Poetics: Chapter 14 - Full Text


      The tragic pleasure is that of pity and fear, and the poet has to produce it by a work of imitation; it is clear, therefore, that the causes (of pity and fear) should be included in the events of his story. Let us see, what kind of actions strike one as horrible, or rather as piteous. In an action of this description, the parties must necessarily be either friends, or enemies, or indifferent to one another. Now when an enemy kills an enemy, there is nothing to move us to pity either in his action or in his contemplating the deed except so as the actual pain of the sufferer is concerned; and the same is true when the parties are indifferent to one another. Whenever the tragic deed, however, is done within the family - when murder or the like is committed by brother on brother, by son on father, by mother on son', or son on mother - these are the situations the poet should seek after.

      The action may be done consciously and with the knowledge of the persons, in the manner of the older poets. It is thus that Euripides makes Medea slay her children. Or, again, the deed of horror may be done in ignorance, and the tie of kinship or friendship be discovered afterward. Oedipus of Sophocles is an example.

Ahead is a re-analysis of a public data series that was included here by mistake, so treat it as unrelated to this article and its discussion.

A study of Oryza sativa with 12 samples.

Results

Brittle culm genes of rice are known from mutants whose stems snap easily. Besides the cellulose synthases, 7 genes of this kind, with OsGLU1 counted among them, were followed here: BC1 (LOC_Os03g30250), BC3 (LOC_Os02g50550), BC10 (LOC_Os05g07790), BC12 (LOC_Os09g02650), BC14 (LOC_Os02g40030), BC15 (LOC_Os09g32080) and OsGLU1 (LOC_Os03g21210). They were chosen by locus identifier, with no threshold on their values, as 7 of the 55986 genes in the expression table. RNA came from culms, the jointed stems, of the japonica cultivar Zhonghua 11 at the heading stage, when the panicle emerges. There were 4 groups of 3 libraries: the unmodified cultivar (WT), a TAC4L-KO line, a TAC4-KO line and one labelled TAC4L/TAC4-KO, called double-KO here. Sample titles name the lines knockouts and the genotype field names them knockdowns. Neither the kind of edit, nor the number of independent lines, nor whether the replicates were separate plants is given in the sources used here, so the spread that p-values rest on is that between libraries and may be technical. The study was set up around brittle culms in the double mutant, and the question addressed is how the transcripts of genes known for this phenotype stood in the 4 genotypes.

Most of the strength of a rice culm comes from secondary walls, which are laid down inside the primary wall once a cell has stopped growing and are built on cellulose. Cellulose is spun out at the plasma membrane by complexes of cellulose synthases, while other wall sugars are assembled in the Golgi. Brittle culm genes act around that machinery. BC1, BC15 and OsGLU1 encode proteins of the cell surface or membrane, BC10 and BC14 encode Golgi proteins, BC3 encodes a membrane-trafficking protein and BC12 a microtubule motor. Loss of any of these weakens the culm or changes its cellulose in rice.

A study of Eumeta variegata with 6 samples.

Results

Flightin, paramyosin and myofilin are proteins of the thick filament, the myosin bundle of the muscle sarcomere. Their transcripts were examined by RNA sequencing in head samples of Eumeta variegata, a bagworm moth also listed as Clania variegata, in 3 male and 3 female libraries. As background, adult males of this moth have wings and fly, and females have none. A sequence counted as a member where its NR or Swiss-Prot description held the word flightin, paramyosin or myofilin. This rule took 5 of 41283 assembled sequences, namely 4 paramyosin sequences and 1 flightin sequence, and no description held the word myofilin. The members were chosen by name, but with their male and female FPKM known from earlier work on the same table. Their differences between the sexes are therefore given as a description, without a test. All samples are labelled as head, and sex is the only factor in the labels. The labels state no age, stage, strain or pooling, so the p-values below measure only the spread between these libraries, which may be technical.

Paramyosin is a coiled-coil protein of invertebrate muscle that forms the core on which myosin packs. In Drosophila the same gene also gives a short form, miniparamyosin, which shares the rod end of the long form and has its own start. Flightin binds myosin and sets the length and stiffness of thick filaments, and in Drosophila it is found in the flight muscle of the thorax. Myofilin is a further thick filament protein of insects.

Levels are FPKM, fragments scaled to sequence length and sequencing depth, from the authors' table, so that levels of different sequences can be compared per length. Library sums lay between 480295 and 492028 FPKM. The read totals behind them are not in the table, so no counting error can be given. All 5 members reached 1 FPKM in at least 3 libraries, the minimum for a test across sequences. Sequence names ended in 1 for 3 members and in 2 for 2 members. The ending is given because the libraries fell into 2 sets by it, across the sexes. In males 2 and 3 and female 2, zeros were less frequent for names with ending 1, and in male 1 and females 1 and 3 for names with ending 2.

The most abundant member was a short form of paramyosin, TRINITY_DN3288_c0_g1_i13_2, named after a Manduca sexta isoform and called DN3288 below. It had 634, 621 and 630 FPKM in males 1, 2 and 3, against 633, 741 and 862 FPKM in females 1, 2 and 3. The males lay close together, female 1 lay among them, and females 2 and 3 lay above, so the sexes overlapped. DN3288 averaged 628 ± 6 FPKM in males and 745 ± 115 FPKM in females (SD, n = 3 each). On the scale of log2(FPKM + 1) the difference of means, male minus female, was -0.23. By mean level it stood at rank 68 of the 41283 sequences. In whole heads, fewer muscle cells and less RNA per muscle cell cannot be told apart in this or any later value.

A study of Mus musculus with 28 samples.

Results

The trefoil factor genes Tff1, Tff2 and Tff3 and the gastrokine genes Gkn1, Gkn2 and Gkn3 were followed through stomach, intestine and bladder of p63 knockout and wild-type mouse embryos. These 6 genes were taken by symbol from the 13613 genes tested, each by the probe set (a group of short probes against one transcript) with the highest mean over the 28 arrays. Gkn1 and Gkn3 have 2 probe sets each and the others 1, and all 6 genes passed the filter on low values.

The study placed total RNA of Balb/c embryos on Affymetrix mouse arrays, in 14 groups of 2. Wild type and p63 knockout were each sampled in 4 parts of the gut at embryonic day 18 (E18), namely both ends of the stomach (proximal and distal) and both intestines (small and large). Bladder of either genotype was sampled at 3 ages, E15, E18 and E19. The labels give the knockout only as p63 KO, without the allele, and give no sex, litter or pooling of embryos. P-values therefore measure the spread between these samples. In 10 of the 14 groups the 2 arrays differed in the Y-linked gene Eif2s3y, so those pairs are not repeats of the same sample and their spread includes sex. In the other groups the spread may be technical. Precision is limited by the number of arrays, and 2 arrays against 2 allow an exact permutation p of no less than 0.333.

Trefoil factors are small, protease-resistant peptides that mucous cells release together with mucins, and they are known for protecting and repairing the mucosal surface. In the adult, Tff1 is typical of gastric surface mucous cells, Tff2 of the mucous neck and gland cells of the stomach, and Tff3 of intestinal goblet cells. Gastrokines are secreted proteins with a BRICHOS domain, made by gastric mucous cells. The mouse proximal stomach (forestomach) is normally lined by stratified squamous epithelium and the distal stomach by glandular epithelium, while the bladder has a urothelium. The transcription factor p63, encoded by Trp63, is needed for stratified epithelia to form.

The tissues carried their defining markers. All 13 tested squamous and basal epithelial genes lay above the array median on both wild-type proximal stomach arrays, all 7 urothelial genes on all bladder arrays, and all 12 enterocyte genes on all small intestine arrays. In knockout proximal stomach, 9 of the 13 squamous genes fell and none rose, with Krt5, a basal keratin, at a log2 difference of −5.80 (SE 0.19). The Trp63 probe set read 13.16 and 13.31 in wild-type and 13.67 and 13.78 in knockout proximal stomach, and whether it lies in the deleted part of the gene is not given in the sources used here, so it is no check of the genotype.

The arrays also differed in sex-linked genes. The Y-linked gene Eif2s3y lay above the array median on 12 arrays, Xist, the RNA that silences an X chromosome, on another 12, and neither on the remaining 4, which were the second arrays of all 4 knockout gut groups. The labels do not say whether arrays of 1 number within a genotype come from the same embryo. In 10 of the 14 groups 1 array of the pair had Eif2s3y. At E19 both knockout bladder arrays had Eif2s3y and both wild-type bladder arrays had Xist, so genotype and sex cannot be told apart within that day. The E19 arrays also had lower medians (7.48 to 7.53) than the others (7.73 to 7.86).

A third possibility is for one meditating some deadly injury to another, in ignorance of his relationship, to make the discovery in time and drawback. These exhaust the possibilities, since the deed must necessarily be either done or not done, and either knowingly or unknowingly.

      The worst situation is when the person is with full knowledge on the point of doing the deed, and leaves it undone. It is odious, also (through the absence of suffering) untragic; hence it is that no one is made to act thus except in some few instances, e.g., Haemon and Greon in Antigone. Next after this comes the actual perpetration of the deed meditated. A better situation than that, however, is for the deed to be done in ignorance, and the relationship discovered afterward, since there is nothing odious in it, and the Discovery will serve to startle us. But the best of all is the last; instance what we have in Cresphonetes, or example, where Merope, on the point of slaying her son, recognizes him in time; in Iphigenia, where sister and brother are in a like Position; in Helle, the son recognizes his mother on the point of giving her up to her enemy.

      This will explain why our tragedies are restricted (as has already been observed) to such a small number of families. It was accident rather than art that led the poets in quest of their Plots. They are still obliged, accordingly, to have recourse to those families in which such horrors have occurred.

      Enough has now been said concerning the construction of the Plot, and the right kind of Plot required for Tragedy.